Ross E. Smith Jr. named Harford Farmer of the Year

A Harford County farmer who has worked to ensure his descendants and the descendants of other local farmers carry on the practice has been named the 2013 Farmer of the Year by the members of the Harford County Farm Bureau.

Ross E. Smith Jr., 80, accepted the award Saturday during the Farm Bureau's 91st Annual Meeting & Banquet, held at the Level Fire Hall.

"I couldn't stand here if I didn't give thanks to my Lord and Savior, Jesus Christ," Smith told the audience of Farm Bureau members and their families, along with local and state dignitaries.

Smith is the third generation in his family to operate the My Lady's Manor Farm, a dairy operation in Monkton.

He operated the farm until he retired in 1999; his son Robert and daughter-in-law Sam run the farm and their sons Justin and Jarod also work on the farm, making them the fifth generation of Smiths to be farmers.

Smith remains active on the farm, with a garden that has produced prize-winning vegetables, and a smokehouse where he cures and smokes hams.

He accepted the award with his "dear wife" Jeanette of 58 years standing at his side, along with his son and daughter-in-law, Robert and Sam, and grandsons Jarod and his wife Katie, and Justin and his girlfriend Kim Heaps.

"She's always been by my side," Smith said of his wife. "And children, my grandchildren and my great-grandchildren and my daughter-in-law and son-in-law."

Smith is the youngest of eight brothers and sisters, and is the son of Ross Smith Sr. and Minna Smith.

"All but one son farmed, and all but one daughter married farmers," Farm Bureau President Jay Rickey said, reading from prepared remarks while introducing Smith.

Smith's late father was named Farmer of the year in 1980. His brother, Harold "Hap" Smith, who died in September, received the honor in 2004.

Smith and his wife have four children, Ross III, Robert, Lois and Harold II, plus eight grandchildren and one great-grandson, Ross V.

He received proclamations and awards Saturday from the Harford County executive, the County Council, the Maryland Senate and House of Delegates and the Maryland secretary of agriculture.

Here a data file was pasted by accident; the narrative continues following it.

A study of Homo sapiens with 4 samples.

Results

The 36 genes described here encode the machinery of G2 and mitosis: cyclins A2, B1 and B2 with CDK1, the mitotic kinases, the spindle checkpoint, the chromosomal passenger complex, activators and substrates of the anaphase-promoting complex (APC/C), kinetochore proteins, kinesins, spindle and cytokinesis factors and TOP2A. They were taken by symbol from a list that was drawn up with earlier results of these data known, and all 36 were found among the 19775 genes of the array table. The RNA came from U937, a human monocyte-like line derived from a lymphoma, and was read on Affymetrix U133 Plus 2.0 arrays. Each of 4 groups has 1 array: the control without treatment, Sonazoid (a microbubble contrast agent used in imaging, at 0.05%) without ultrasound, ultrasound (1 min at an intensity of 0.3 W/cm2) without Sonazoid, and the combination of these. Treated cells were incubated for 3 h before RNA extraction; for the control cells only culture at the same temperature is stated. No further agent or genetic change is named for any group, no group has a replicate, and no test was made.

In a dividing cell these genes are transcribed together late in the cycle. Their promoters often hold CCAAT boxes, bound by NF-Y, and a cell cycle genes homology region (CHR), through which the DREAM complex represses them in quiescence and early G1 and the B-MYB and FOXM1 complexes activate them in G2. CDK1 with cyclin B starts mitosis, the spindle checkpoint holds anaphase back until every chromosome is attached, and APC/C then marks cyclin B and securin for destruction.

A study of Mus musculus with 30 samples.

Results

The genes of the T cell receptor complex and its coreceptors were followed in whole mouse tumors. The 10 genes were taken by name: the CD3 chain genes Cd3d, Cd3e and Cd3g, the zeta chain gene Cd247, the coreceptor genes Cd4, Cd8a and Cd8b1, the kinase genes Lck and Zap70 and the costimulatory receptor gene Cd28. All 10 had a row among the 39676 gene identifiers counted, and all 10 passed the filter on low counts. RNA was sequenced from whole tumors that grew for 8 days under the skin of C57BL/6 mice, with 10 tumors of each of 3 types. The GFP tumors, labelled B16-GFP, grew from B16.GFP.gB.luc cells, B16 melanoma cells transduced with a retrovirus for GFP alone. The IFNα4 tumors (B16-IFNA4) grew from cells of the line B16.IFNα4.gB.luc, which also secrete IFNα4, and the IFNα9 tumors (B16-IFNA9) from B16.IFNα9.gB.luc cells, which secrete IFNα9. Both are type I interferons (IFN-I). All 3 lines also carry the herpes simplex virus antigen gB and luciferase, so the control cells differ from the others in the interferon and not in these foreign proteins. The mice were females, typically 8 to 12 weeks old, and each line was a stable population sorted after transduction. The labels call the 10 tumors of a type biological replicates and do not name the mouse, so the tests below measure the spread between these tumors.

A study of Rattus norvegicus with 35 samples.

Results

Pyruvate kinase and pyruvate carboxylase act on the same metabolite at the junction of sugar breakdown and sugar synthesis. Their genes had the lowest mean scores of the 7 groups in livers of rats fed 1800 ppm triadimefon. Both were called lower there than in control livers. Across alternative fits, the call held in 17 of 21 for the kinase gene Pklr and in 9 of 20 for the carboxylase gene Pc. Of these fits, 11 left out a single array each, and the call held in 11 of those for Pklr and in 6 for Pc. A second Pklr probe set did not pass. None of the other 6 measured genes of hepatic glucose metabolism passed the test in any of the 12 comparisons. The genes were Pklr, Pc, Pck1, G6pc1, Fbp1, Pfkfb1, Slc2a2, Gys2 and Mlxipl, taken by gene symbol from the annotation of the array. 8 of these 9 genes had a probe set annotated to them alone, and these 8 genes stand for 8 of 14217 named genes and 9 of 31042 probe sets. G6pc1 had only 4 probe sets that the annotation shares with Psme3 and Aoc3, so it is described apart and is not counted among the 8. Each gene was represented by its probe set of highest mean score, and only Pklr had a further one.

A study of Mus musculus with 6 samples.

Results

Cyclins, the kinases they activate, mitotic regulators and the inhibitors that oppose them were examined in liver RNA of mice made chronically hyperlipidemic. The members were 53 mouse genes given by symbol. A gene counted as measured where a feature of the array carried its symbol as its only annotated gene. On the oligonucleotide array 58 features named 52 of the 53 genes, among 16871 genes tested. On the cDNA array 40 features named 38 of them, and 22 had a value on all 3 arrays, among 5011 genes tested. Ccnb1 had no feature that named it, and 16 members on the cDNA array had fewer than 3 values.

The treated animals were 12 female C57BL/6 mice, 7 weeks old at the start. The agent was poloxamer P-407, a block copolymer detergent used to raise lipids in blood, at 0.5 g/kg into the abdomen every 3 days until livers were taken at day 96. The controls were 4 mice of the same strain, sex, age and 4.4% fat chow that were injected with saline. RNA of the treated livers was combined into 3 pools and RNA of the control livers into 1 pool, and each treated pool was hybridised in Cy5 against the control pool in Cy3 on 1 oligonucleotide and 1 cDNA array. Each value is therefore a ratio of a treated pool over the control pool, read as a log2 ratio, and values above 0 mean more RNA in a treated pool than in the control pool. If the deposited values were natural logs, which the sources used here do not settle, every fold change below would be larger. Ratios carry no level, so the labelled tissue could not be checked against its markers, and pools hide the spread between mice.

"It's just incredible, the innovation on the farm and how you're passing that on to the rest of your family and all the farmers in Harford County," County Councilman Chad Shrodes said. "We're so lucky in this great county to have farmers that work so hard and do so much for our community."

County Executive David Craig, who also spoke at the banquet, noted Maryland's state seal features a farmer and a waterman.

"That's because our predecessors and ancestors knew that that farmers and watermen were the people who ran the economy of this state and kept us where we are," Craig said. "We applaud the fact that we have a third and a fifth generation doing this."

Del. Susan McComas presented official congratulations from state Sen. Barry Glassman, who could not attend Saturday's event.

She also presented a Maryland flag to the Smiths.

"Maryland has one of the most historic flags and one of the prettiest flags, and so I hope that you and your family will [display] this on your farm," she said.

Del. Rick Impallaria congratulated Smith for "not only raising great children, but supporting the State of Maryland in all that you do."

Smith spoke briefly after the dignitaries, to recognize Harford County's efforts to preserve agricultural land.

More than 47,000 acres have been preserved through state and county easements in Harford County since 1977, according to the Department of Planning and Zoning's website

"I think everybody in the county ought to really give themselves a hand," Smith said.

Phosphorus management

The Maryland Farm Bureau, which has chapters in 23 of the state's 24 jurisdictions – Baltimore City does not have a farm bureau – is a nonprofit "membership organization" formed to advocate on behalf of the state's farmers.

Valerie Connelly, the Maryland Farm Bureau's director of government relations, was recently named as the organization's administrator.

She spoke to the Harford Farm Bureau members Saturday.

Connelly urged local farmers to make their voices heard regarding the Maryland Department of Agriculture's proposal to strengthen regulations to prevent phosphorus from leaving the soil on farms, known as the Phosphorus Management Tool.

Phosphorus, a nutrient contained in fertilizer, can get into waterways from the soil; too much nitrogen and phosphorus in the water promotes algae growth and lowers the amount of oxygen needed by aquatic plants and animals, according to an Environmental Protection Agency web page.

Farmers often use dairy cow waste or poultry litter as soil fertilizer.

Connelly said Maryland farmers must run a "phosphorus site index" to determine "whether or not there is a likelihood that phosphorus will move in the soil and end up leaving the farm," and then take measures to prevent that.

She said the proposed regulations caused a "crisis" on the Lower Eastern Shore during the summer, as farmers were not willing to take poultry litter from local chicken houses before the regulations took effect Sept. 1.

The regulations have been withdrawn, and the public can comment through this coming Monday, Nov. 18. A hearing will take place at 2 p.m. Nov. 20 in Annapolis.

Connelly encouraged audience members to visit for more information and to submit comments.